After nearly 80 years, old South Medford's identity as a high school will end today after the class of 2010 walks at Spiegelberg Stadium to receive diplomas and crews arrive Sunday to begin moving furniture to a newly constructed campus at the intersection of Columbus and Cunningham avenues.
Friday was students' last day of classes at the 1931 campus.
"I know a bunch of other students are kind of jealous they're not the first graduating class at the new school, but I think it's even cooler to be the last graduating class at this school," said senior McKinsey Patterson, who graduates today.
Next fall, the old South building will become Medford School District's central office and home to its alternative high school, Medford Opportunity.
Designed by famed architect Frank Clark, the building opened in 1931 as Medford High School with a capacity of 1,000 students. Nearly 800 pupils in grades nine through 12 attended on opening day, and the first class graduated from the campus in 1932. The school opened just five years after another high school had been built, which is now McLoughlin Middle School on West Second Street, because the McLoughlin building wasn't large enough to accommodate the growing student population, according to a 1959 school district publication, "A Short History of Medford Public Schools."
Despite the economic woes of the Great Depression, district officials were able to persuade the public to build the school at South Oakdale on the argument that it would help put people to work, according to the 1959 publication.
The campus cost $205,000 to build; the total cost of the new South campus is $81 million.
A name change came in 1967 when the district built a new high school on North Keene Way Drive, now known as North Medford High School. District officials decided to send juniors and seniors to the new campus on North Keene Way, which would be called Medford Senior High. Meanwhile, freshmen and sophomores remained at the South Oakdale campus, with the name Medford Mid High School.
In 1982, students buried a time capsule in the school's front lawn to commemorate the building's 50th birthday.
South seniors dug up the time capsule last Monday.
Inside, they found copies of the school magazine from 1932 and 1936, articles from the student newspaper from 1943, 1950 and 1953, a graduation program from 1964, a 1981 yearbook, a photo of students, a 1981 student handbook and curriculum guide and "A Short History of Medford Public Schools."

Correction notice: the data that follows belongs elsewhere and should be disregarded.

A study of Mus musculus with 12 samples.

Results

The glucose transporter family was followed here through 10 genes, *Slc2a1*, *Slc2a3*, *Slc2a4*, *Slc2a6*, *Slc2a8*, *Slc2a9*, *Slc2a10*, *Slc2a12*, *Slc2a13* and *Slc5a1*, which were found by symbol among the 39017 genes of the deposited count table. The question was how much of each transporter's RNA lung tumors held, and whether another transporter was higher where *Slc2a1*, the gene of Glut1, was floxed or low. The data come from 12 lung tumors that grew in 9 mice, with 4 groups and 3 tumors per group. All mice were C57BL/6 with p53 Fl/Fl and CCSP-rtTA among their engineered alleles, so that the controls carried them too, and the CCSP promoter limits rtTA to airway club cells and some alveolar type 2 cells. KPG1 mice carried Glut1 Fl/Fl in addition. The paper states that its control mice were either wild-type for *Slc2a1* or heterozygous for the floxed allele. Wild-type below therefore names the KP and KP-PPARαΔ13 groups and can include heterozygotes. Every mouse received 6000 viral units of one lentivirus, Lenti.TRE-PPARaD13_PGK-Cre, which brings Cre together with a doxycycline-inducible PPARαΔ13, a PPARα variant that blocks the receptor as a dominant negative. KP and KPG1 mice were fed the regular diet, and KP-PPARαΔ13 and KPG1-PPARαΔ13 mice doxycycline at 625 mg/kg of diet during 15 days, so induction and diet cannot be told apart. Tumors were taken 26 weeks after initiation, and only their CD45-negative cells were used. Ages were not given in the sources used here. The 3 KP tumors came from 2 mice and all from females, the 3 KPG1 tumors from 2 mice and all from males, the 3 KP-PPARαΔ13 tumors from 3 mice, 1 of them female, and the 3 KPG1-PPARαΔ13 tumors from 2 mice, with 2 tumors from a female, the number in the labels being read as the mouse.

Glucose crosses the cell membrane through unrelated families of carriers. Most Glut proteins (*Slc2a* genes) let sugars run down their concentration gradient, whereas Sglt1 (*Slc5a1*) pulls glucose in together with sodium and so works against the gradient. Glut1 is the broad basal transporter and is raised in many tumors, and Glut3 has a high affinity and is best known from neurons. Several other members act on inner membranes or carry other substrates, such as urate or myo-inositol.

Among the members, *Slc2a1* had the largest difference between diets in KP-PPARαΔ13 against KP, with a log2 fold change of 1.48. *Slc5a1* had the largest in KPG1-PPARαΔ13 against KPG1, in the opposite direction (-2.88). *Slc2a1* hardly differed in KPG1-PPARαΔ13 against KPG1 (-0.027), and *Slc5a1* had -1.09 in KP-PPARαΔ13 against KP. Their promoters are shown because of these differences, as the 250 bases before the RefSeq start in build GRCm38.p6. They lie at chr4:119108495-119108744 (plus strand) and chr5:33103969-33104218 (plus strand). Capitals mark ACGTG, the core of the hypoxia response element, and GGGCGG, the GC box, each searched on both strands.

Teacher Kelly Burton said the seniors were disappointed there weren't any personal mementos to show the popular culture at the time.
"The bummer was that a lot of the stuff inside were things the yearbook class had seen before," Burton said.
The time capsule was buried before the change that gave the school its current name, South Medford.
In 1986, the Medford district decided it was time to join the national trend of four-year high schools, spawning a community outcry, said Floyd Pawlowski, principal of the South Oakdale campus from 1978 to 1998.
"Medford was a football, baseball, basketball powerhouse at that time," Pawlowski said. "Some people leveled the charge that they didn't want to lose that status" by diluting Medford's athletic talent between two high schools.
To accommodate four grade levels, Medford Mid High underwent $10.5 million in renovations, Pawlowski said.
The school's name was changed to South Medford High School, while the North Keene Way campus took on the name North Medford High School. Thus, the rivalry between North and South was born, said Brent Barry, who was a sophomore at the South Oakdale campus when the school converted to four grade levels.
Barry said he remembers his excitement about going to school with his older brother, Jeff, who was in South's first graduating class, and the other older pupils.
"Some of our best friends were going to school across town at North," Barry said. "It was fun competing with them. It was a great experience being part of a new high school and being a part of the city's history."
Seniors and junior Kayla Doney, who plans to use some of the school's history for her senior project next year, on Monday planned to mark their momentous departure from the old South by burying their own time capsule. They filled the capsule with personal items to show future generations what was popular at the time, including an old iPod, USB devices, a ring made out of the energy drink Rock Star, tags and a senior picture on matting covered with seniors' thumbprints and signatures.
There was a glitch, however, when custodian Andy Altmann opened the vault where the 1982 capsule had been buried: It was full of water.
Students will try again on Monday.
"I like ending my senior year with so much ceremony," McKinsey said. "It's not just the senior class but the whole school saying goodbye."
Reach reporter Paris Achen at 541-776-4459 or e-mail firstname.lastname@example.org.